Moldovan Prime Minister Vlad Filat

Moldovan Prime Minister Vlad Filat

CHISINAU -- Prime Minister Vlad Filat says Moldova sees its place in the European Union and isn't attracted to the "Eurasian Union" envisaged by Russian Prime Minister Vladimir Putin, RFE/RL's Moldovan Service reports.

Filat told RFE/RL in an interview that his country was European "through its geography, history, and culture" and that Moldovans were very much in favor of further European integration via the EU.

"The Eurasian Union is still just a project, but the EU is a reality," said Filat, whose pro-Western government plans to start negotiations for an association agreement with Brussels by the end of the year.

Putin proposed the Eurasian Union of former Soviet countries in an article in the Russian daily "Izvestia" on October 4, saying it could become a major player in world affairs.

Filat made his remarks after Moldova's opposition Communist Party on October 5 praised Putin's idea for creating a Eurasian Union, with Communist officials saying Chisinau should embrace it.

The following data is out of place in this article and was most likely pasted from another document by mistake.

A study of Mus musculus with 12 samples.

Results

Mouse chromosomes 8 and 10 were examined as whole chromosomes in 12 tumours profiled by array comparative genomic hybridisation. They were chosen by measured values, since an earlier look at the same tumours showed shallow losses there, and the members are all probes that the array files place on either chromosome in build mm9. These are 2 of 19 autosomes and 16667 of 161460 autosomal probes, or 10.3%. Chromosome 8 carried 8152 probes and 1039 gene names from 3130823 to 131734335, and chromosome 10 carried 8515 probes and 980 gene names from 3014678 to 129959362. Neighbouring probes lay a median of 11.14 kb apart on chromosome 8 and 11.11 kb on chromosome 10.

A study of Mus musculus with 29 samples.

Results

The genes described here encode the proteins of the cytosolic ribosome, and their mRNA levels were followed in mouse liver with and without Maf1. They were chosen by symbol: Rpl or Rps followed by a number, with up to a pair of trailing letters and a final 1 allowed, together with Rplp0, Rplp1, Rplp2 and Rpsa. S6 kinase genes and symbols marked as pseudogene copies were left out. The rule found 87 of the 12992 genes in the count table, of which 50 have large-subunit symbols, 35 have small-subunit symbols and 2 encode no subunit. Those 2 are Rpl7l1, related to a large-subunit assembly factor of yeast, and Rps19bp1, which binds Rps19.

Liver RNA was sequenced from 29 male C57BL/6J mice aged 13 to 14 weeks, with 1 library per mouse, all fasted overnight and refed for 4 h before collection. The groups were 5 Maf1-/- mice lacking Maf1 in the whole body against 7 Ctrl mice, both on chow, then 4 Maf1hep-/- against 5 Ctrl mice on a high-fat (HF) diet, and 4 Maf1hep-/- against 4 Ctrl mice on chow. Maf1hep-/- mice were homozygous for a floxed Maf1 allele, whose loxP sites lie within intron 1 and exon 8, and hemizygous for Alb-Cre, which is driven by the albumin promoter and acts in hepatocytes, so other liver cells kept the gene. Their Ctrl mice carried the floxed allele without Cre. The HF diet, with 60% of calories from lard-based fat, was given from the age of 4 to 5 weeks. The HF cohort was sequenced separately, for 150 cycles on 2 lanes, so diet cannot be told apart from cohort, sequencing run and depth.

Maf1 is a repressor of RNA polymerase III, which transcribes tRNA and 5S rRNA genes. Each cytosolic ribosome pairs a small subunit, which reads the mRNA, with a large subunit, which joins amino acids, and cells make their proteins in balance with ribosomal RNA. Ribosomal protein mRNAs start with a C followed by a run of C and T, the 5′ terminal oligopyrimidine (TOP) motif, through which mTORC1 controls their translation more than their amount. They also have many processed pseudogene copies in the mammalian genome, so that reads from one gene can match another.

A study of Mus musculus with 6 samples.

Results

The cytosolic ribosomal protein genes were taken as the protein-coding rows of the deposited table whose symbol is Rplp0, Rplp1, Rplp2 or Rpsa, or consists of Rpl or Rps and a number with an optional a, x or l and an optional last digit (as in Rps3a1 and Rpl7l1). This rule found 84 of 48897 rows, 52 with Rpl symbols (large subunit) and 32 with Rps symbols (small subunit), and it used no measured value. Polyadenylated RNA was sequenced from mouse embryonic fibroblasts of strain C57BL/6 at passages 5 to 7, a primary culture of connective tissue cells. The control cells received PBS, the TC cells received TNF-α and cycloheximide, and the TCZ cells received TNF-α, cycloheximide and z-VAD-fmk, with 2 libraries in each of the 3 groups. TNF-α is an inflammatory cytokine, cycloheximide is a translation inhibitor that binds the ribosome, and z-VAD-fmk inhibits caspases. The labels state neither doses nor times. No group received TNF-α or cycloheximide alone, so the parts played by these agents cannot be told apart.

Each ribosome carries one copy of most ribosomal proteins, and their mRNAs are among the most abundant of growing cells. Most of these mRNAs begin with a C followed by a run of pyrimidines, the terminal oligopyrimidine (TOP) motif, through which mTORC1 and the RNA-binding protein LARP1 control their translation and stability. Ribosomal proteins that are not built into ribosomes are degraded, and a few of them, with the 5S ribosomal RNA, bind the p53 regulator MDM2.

Communist leader Vladimir Voronin said the Eurasian Union would help Moldova get cheaper natural gas from Russia, and joining such an Eastern bloc was preferable to "waiting to join an EU that does not want" to accept Moldova as a member.

Deputy Foreign Minister Andrei Popov also told RFE/RL that Putin's project might work for bigger Commonwealth of Independent States' members, but would not be a good fit for Moldova.

He said a small country like Moldova would be "a minor shareholder" in an organization like the Eurasian Union, where he said decisions would be made according to the economic power of the member states.